Lessons from PR Pros on the Ground at the Super Bowl

hard rock bowling alley

Each year the NFL credentials more than 5,000 media members for what may be the biggest game in sports, the Super Bowl. Radio Row fills with broadcasters and podcasters, setting the stage for what can be the week's trending stories. With almost 100 million pairs of eyes on the big game annually, according to Nielsen, the Super Bowl provides a smorgasbord of opportunities for PR professionals. 

For PR pros, such a large, global, impactful event can be intimidating. And whether it’s their fifteenth or first visit, no Super Bowl is quite the same, bringing a hum of unmatched energy and non-stop activity. 

For communicators, the Super Bowl is a career benchmark. The game can make or break a brand, as well as bring out the best (or worst) in communicators. Work hours are long, but the payoffs can be great. What can PR veterans of the big game tell us about how to handle what seems to be a larger-than-life media event?

Planning is Key

Bill Hofheimer, senior director of communications at ESPN, has worked 19 Super Bowls. He first experienced the media mayhem in Tampa in 2001, and missed only one since. His initial Super Bowl was with Disney Sports, before joining ESPN in 2005. He's now PR lead for ESPN’s College Sports PR and previously oversaw PR for ESPN’s Monday Night Football and NFL studio shows. 

It never gets old for Hofheimer; he seems to love every minute.

“Super Bowl is both exciting and exhausting,” he said. “It’s a lot of long days, but this is a one-of-a-kind event that’s a thrill to work. I try to never take it for granted.”

The Super Bowl is a great time to learn from teams one may not work alongside on a daily basis. Gathering in a neutral space while working toward the same goal brings out fresh ideas and synergies that might not occur when pairing up remotely. In addition to those opportunities, the Super Bowl provides one of the greatest spaces to build relationships with appropriate media. 

Great Networking

“Attending events like Super Bowl Opening Night and walking Radio Row...are great networking opportunities,” Hofheimer said. “I often meet media members I pitch over email or phone during the year. But here it's face-to-face, which is so important in relationship building."

And no matter whom you work for, whether it's ESPN or a small, organic peanut butter company, Hofheimer said it can be difficult to break through the noise. As a result, planning and strategy are key.

“The key is to find the most impactful coverage opportunities and focus on those things,” he said. “It is (important) for PR pros to develop a strategy and arrange meetings and pitches in advance—try to lock in whatever you can before arriving in town. Once the Super Bowl starts, it’s like jumping on a treadmill.” 

Wear Comfortable Shoes

For Kate DiCarlo, senior communications director, Proctor & Gamble, “Like a Girl” has become more than an advertising slogan. It’s opened up the conversation to include an entire genre of media attention, focusing on women as NFL consumers.

DiCarlo has worked at numerous Super Bowls, after working on three with Old Spice and several with Olay. She lead the #MakeSpaceForWomen campaign in 2020 in Miami, ushering actress Busy Philipps, YouTube influencer Lilly Singh, and media juggernaut Katie Couric through press interviews and appearances.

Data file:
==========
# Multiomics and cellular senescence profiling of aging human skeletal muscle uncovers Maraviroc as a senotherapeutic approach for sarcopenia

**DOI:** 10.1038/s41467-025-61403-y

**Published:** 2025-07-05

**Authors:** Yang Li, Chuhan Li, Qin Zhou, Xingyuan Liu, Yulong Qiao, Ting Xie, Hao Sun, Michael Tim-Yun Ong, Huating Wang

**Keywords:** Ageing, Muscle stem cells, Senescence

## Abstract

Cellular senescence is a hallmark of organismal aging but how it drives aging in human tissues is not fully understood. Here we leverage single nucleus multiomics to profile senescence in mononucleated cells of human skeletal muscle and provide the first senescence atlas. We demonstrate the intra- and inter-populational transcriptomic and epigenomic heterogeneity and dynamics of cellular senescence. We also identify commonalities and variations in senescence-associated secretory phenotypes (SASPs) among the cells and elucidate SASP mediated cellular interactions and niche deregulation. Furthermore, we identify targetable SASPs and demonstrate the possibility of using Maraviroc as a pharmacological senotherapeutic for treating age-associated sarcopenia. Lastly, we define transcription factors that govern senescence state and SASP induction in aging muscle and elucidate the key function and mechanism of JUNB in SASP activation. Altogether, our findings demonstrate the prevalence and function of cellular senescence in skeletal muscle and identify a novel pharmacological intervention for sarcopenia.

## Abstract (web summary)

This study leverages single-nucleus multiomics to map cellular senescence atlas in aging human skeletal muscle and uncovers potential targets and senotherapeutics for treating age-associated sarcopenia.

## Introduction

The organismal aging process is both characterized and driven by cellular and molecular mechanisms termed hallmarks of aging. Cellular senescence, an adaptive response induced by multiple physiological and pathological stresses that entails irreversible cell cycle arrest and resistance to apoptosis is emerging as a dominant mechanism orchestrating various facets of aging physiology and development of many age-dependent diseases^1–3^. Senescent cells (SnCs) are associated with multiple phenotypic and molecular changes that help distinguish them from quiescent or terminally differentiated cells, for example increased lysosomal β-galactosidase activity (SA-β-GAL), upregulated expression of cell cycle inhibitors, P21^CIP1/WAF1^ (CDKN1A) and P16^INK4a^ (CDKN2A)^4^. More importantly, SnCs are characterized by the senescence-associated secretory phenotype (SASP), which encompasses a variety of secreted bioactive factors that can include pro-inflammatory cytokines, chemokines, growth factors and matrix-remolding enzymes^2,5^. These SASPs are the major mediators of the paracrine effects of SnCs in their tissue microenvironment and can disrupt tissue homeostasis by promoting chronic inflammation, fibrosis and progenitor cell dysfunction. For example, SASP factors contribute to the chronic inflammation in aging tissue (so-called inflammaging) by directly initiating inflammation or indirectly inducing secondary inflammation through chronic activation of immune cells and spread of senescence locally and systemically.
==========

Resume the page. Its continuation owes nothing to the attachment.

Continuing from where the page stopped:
DiCarlo said the Super Bowl is fast-paced yet orchestrated. Radio Row may be a massive media machine, but she finds it runs incredibly smoothly. 

“Everyone is here to bring the news of Super Bowl into homes across the country. So we are able to get three to five interviews in, every hour,” DiCarlo said. “It requires the ability to move fast, support your talent, and navigate the sea of lights, cameras and fans looking for a once-in-a-lifetime pic with their favorite celebrity.” 

DiCarlo comes to the Super Bowl with a down-to-Earth approach: Treat talent as you would any other person, and wear comfortable shoes. 

“Take a deep breath, soak in the experience and remember that everyone you see is a person, just like you,” she said. “I’ve shared blueberry pancakes with a well-known wide receiver, played mindless green room games with a famous quarterback, and watched Lilly Singh win a game of Connect 4 while doing a press interview.” 

And don't forget the importance of sucking up your introversion and going for it.

“There will never be another place with so many press opportunities,” she said. “You’ll need to be outgoing to seize opportunistic interviews, and also be able to say no when the schedule does not permit.”

And when those press opportunities come up, know your stuff to make it easier on journalists.

“Know the top two to three simple facts [about your campaign] that you can share with anyone on the spot,” she said. 

Be Flexible

Therese Van Ryne, senior director, global external communications for Zebra Technologies, promotes a computerized tag in the shoulder pads of NFL players. The tag can determine the speed of players, how far they run, and more. The tracking technology is also used in other industries like health care, manufacturing and logistics.

Even for someone promoting a niche product, the Super Bowl is a “lightning rod” for media coverage, Van Ryne said. 

Though Zebra had several activations planned, Van Ryne noted the importance of being flexible and adapting to the environment. 

“The biggest lesson I’ve learned is to stay flexible,” she said. “Sometimes one interview may run over, but you have to work as a team, you can’t be alone. A team balances what you are doing, especially if the timing slips. Having the right team and strategy going in is very important.”

Zebra worked with New Orleans’ Saints' head coach Sean Payton this year, who had 14 interviews on radio row, delivering endorsements and insights. 

[Editor's Note: This post was updated Feb. 8, 2023. It was originally published on Jan. 31, 2020.]